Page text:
Golden Globes host Ricky Gervais snuck in a reference to Harvey Weinstein towards the end of Sunday’s (January 5) show that continued his theme of calling out Hollywood hypocrisy.
“Our next presenter starred in Netflix’s Bird Box – a movie where people survive by acting like they don’t see a thing – sort of like working for Harvey Weinstein,” said Gervais as Sandra Bullock prepared to present the final award for best dramatic film.
That drew a shocked reaction from the crowd at the Beverly Hilton in Los Angeles, however an unperturbed Gervais added, “You did it. I didn’t – you did it.” Weinstein, 67, is due to attend court in Manhattan on Monday for the first day of his criminal trial on five counts of sexual offences. He denies any wrongdoing.
Gervais delivered some choice jokes in a show peppered with otherwise serious if unremarkable speeches and comments from presenters and award-winners highlighting diversity, concern over the wildfires of Australia, and the need to vote in this year’s US election.
“Let’s have a laugh at your expense,” Gervais said at the start of the show. “Remember, they’re just jokes. We’re all going to die soon and there’s no sequel.”
Among the British comic’s other remarks, he ended up on the wrong side of history when he said, before a single award had been handed out: “This show should just be me coming out saying, “Well done Netflix, you win.’” The streaming platform began the night on 34 nominations for film and TV and emerged with only two acting prizes for Marriage Story and The Crown.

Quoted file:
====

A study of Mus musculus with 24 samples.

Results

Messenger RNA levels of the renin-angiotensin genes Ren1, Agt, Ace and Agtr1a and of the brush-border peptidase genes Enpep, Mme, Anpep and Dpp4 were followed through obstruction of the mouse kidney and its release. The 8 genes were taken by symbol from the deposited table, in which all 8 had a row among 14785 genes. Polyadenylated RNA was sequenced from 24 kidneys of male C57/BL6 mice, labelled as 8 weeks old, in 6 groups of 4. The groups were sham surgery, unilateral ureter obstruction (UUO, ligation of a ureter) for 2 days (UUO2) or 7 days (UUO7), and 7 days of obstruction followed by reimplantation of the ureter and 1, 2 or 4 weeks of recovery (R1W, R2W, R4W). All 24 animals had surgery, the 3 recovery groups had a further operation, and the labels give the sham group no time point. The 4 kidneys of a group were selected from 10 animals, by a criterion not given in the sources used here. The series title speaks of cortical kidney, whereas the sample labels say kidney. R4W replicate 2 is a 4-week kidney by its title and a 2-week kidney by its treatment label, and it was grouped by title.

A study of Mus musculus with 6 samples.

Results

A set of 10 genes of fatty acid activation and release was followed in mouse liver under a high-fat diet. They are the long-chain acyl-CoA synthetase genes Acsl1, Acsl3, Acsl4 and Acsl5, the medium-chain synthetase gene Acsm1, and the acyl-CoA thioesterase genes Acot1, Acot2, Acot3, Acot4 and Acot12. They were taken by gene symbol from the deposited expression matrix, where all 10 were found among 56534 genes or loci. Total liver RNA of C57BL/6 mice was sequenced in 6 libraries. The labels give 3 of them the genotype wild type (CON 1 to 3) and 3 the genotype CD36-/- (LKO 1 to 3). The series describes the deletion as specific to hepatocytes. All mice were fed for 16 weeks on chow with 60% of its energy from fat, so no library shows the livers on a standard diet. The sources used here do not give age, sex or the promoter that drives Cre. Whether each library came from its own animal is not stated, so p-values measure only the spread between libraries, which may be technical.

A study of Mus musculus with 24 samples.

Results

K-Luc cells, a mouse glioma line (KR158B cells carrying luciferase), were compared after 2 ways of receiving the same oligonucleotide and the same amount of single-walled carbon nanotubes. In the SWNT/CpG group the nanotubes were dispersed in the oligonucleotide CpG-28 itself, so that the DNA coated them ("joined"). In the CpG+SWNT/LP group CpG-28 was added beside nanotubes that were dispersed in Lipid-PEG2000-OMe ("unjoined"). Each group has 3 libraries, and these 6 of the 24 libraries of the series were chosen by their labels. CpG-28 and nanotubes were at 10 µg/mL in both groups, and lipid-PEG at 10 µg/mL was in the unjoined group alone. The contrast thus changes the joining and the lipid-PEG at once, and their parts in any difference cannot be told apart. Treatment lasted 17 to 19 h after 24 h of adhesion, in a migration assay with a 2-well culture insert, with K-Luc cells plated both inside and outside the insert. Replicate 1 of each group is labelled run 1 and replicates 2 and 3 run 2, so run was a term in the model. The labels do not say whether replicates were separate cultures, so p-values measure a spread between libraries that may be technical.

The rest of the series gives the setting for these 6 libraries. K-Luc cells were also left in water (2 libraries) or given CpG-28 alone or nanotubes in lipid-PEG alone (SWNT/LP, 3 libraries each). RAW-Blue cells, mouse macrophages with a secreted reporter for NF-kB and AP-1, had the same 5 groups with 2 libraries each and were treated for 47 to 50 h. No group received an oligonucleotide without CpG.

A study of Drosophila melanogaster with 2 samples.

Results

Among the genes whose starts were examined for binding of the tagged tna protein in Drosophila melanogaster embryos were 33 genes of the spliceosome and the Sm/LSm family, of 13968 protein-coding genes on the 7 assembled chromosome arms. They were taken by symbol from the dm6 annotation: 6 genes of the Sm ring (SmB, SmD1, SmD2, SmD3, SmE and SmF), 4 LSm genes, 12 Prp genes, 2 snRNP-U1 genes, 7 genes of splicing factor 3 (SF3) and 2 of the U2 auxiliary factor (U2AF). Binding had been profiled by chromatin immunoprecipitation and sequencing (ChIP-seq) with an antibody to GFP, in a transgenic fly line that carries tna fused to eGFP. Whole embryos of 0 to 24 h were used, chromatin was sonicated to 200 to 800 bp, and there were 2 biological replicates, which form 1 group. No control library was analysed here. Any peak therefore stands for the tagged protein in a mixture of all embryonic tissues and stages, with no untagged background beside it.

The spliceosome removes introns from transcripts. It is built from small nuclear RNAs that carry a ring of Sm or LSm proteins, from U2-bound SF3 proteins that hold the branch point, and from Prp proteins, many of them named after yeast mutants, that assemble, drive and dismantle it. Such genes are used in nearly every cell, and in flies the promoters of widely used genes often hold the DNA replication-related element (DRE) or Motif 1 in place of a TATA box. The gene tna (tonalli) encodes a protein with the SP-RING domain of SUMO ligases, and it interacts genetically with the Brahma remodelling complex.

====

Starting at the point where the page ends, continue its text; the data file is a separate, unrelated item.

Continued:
Commenting on the run time of Once Upon A Time… In Hollywood, Gervais quipped, “Leonard DiCaprio attended the premiere and by the end his date was too old for him. Even Prince Andrew was like, ‘Come on, mate, you’re nearly 50, son.”
Introducing the directing award Gervais commented on lack of female nominees. “That’s bad. I’ve had a word with the HFPA and they’ve guaranteed that will never happen again because… the major studios have agreed to go back two years ago when they didn’t even hire female directors and that will solve the problem. You’re welcome.”
Michelle Williams, best actress in a limited series or TV movie for her role in Fosse/Verdon, said: “As women and girls, things can happen to our bodies that are not our choice… Women, when its time to vote, please do so in your own self-interest. It’s what men have been doing for years, which is why the world looks so much like them. But don’t forget we are the largest voting body in this country. Let’s make it look more like us.”
A flustered Olivia Colman said when accepting her best television series dramatic actress award for The Crown: “For the last year I feel I’ve lived someone else’s life and now I definitely feel I’ve won someone else’s award.”
Bong Hoon Jo, director of South Korea’s foreign language winner Parasite, said: “Once you overcome the one inch-tall barrier of subtitles, you will be introduced to so many more amazing films… we use only one language, cinema. Thank you.”
Taron Egerton, accepting his award for best actor in a musical or comedy for Rocketman, directed this comment towards the film’s inspiration Elton John: “Thank you for the music, thank you for living a life less ordinary, thank you for being my friend.”
And Tom Hanks told the audience after he collected the Cecile B. DeMille award. “You’re a dope if you don’t steal from all the people you’ve ever worked with… and I have stolen from the likes of people who only need one name like Meryl, Denzel, Antonio, and Sally Field.”